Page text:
Businesses will be obliged starting next month to offer their employees an annual test to check their mental stress level amid an increase in workers suffering mental disorders.

Under a revision last year of the Industrial Health and Safety Law, the test, which takes the form of a questionnaire, will target more than 20 million employees at around 16,000 businesses nationwide, according to the Health, Labor and Welfare Ministry.

The purpose of the testing is to let workers know their own stress level and keep depression at bay rather than ferreting out people with mental disorders, said psychiatrist Takashi Amagasa.

He said mental health conditions in the workplace are deteriorating, making it important that workers take the test.

Employees, who won't be required to take the test, will be informed of the results directly from the doctors or nurses involved in the assessment.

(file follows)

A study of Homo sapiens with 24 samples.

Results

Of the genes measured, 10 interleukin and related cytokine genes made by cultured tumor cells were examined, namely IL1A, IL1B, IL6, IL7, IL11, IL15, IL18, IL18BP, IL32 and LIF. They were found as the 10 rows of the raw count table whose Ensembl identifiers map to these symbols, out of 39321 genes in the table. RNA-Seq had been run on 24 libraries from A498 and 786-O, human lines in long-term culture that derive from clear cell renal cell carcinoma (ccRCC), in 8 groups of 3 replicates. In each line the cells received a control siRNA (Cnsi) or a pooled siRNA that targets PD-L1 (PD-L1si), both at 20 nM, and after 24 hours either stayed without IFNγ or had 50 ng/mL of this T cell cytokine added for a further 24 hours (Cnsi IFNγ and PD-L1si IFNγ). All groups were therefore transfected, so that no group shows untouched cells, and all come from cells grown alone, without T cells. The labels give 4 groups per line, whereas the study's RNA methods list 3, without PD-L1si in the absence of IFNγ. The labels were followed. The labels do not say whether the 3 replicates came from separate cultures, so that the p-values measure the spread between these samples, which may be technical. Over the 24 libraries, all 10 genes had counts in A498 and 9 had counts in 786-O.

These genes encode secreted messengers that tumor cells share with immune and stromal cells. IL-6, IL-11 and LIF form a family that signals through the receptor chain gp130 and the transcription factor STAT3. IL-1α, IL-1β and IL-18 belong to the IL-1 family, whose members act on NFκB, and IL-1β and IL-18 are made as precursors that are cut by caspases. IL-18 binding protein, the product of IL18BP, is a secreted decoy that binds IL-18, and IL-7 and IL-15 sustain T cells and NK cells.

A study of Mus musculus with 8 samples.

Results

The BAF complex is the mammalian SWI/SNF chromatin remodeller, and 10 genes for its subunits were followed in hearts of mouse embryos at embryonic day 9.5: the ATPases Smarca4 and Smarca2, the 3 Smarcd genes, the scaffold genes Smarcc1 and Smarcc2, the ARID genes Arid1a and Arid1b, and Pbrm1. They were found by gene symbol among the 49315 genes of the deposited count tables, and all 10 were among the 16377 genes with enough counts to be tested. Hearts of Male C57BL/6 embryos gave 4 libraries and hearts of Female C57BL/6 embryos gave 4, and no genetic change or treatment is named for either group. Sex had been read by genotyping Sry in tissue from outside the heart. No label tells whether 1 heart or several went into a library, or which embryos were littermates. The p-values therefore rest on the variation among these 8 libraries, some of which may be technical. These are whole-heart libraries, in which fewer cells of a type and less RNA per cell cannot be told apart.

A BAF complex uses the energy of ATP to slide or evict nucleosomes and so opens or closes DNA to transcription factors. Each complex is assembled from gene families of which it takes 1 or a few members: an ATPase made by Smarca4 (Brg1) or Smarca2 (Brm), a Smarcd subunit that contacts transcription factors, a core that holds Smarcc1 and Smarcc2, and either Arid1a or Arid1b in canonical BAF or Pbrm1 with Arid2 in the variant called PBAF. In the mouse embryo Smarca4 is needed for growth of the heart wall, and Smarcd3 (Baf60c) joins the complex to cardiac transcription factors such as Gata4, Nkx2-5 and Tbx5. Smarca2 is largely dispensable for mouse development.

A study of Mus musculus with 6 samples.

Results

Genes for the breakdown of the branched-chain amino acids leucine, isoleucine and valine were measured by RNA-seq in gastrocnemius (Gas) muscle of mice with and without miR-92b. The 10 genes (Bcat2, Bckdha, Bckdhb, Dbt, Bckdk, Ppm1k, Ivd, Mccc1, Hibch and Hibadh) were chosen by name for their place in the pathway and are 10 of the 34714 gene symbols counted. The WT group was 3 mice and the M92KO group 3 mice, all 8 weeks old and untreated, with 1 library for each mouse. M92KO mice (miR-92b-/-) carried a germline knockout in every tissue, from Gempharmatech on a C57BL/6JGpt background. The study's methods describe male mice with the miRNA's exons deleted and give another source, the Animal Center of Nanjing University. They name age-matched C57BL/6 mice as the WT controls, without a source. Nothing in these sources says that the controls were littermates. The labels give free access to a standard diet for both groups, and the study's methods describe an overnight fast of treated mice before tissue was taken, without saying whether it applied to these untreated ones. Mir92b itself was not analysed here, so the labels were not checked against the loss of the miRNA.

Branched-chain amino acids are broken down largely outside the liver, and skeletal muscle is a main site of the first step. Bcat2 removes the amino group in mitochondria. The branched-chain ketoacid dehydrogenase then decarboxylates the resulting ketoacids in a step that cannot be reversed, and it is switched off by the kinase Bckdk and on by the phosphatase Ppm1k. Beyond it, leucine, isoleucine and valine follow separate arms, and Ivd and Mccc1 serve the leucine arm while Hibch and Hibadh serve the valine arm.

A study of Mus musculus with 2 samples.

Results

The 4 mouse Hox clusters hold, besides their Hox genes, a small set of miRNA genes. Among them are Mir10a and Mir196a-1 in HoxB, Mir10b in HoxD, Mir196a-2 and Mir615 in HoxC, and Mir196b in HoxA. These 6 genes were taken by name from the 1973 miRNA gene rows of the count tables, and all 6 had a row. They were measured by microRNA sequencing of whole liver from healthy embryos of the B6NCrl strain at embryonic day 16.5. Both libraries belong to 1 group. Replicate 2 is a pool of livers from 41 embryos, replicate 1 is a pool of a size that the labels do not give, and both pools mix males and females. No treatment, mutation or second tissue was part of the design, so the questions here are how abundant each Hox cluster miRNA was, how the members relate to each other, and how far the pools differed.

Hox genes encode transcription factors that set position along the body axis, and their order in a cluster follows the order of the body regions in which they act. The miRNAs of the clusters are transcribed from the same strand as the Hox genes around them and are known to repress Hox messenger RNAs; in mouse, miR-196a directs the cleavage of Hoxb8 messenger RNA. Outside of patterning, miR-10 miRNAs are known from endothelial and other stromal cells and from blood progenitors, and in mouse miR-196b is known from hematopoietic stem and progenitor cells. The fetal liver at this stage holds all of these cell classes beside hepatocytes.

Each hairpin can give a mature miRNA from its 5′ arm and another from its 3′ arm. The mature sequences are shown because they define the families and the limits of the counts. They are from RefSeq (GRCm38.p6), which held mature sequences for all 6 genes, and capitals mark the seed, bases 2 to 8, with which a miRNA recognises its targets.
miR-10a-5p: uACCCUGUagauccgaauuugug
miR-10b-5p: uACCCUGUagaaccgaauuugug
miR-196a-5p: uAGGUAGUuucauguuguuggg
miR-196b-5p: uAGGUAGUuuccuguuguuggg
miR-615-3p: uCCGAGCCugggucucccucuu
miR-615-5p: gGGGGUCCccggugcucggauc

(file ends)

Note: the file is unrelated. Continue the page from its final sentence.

Those judged as being under heavy stress can see a doctor if they wish, while their employer, based on the doctor's advice, will have to lessen the employee's burden through such measures as cutting work hours and improving the workplace.

The law will prohibit companies from punishing employees for not taking the test or refusing to see a doctor, or firing or unreasonably transferring employees due to results of their interviews with the doctor.

Doctors and nurses will be prohibited from telling employers the test result without the respondent's consent. They and workers in charge of the testing can face punishment for confidentiality violations.